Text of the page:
Back to Casualty List | Search The Casualty Database
Precis File
SHIP NAME: Pendleton KEY: NUM. ENTRIES: 2
source Frump, Two Tankers Down
type D
volume
material
dead 9
link

Pendleton, an American flag T2, left Norco, La 19520212 loaded with heating oil and kerosene, for Boston. Crew of 47(?), all Americans. Draft was 29.5 ft even keel. Ran into a Force 9 (occaisionally 10) noreaster off Cape Cod. Decided to hove to.

At 0550 on 1952-02-18, split in two in way of tanks 7 and 8, with a loud bang. Sea water temp was about 40F. All the men (8) in the forward section, which floated in a bow up position were lost.

The stern section floated more or less evenly for a while and was semi-maneuverable. It eventually grounded 0.25 miles off Nauset Beach. In a truly remarkable bit of seamanship, a 4 man USCG crew led by Coxswain Bernie Webbers was somehow able to get a 36 ft rescue boat out of Chatham, take off 32 of 33 survivors off the stern shortly before it capsized, and get them back ashore.

Bow section was towed away and scrapped. Frump does not say if any oil was recovered. Stern section was submerged by a storm in 1978, and then broken up.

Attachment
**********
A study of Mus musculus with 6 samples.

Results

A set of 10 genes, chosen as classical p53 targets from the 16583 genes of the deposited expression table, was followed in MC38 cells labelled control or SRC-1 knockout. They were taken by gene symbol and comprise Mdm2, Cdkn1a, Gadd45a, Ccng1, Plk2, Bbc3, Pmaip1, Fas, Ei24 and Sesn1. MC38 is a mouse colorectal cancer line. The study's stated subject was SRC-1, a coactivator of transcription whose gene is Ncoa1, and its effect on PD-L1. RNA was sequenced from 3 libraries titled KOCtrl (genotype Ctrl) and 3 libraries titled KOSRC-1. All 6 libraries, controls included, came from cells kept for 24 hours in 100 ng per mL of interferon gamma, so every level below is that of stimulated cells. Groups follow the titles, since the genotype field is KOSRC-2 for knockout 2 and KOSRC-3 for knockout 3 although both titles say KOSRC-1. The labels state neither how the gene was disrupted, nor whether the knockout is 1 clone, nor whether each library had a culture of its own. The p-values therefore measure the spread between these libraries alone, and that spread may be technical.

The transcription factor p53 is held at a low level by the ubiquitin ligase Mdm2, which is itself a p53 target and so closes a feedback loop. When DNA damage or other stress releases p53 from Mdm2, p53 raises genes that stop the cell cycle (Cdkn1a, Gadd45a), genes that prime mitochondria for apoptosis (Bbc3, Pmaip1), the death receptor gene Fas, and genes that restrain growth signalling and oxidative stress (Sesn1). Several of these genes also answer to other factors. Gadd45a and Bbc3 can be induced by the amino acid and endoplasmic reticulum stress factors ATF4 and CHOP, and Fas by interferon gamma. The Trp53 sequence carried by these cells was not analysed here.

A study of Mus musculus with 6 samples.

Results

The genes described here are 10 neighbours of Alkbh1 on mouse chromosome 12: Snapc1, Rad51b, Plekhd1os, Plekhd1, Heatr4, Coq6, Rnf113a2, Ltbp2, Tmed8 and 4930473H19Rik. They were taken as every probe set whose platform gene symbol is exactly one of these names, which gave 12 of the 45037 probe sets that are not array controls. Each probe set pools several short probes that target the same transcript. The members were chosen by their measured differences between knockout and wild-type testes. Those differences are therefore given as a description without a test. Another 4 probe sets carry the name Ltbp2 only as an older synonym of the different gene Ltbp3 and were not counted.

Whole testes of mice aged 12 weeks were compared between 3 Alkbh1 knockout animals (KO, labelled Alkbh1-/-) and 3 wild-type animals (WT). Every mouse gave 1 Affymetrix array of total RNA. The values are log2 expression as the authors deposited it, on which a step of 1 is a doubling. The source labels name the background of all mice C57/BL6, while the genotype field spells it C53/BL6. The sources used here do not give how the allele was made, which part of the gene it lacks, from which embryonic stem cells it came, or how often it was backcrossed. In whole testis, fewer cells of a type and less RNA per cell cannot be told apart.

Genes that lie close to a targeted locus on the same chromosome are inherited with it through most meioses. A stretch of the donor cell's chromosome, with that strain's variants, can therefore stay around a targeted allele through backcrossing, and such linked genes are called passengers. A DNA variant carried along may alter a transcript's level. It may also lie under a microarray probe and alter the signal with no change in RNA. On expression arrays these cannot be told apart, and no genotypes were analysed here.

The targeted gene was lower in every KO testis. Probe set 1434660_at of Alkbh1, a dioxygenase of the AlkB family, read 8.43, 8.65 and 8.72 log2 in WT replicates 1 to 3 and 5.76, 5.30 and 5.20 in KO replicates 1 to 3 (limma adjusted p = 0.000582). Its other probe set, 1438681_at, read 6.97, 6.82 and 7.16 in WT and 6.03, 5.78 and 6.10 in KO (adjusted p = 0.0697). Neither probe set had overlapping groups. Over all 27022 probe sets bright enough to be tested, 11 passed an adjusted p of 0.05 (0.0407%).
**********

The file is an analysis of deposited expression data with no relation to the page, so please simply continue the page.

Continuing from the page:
source CTX
type C
volume 15000t
material
dead 9
link

Cause was almost certainly brittle fracture, altho corrosion may have played a role. Wartime ships were built with a high sulfur steel with low notch toughness. By 1952 this was known and the Pendleton had been fitted with four riveted strips as crack arrestors. This was basically a placebo, to keep these all-welded ships in service. Unless the crack started close to an arrestor, and propagated only toward the arrestor, these arrestors could not have much effect. This should have been clear to both the USCG and ABS, but a national goal at the time was to maintain an American flag merchant marine.

Frump claims that, after the Pendleton and Fort Mercer casualties, ABS recommended that T2's be fitted with four more arrestors. CTX has no evidence this was ever done. It would not have made much difference.

CTX is guessing that almost all the ship's cargo was spilled; but, since the split was well-aft, and the forward section was scrapped, this may be an over-estimate.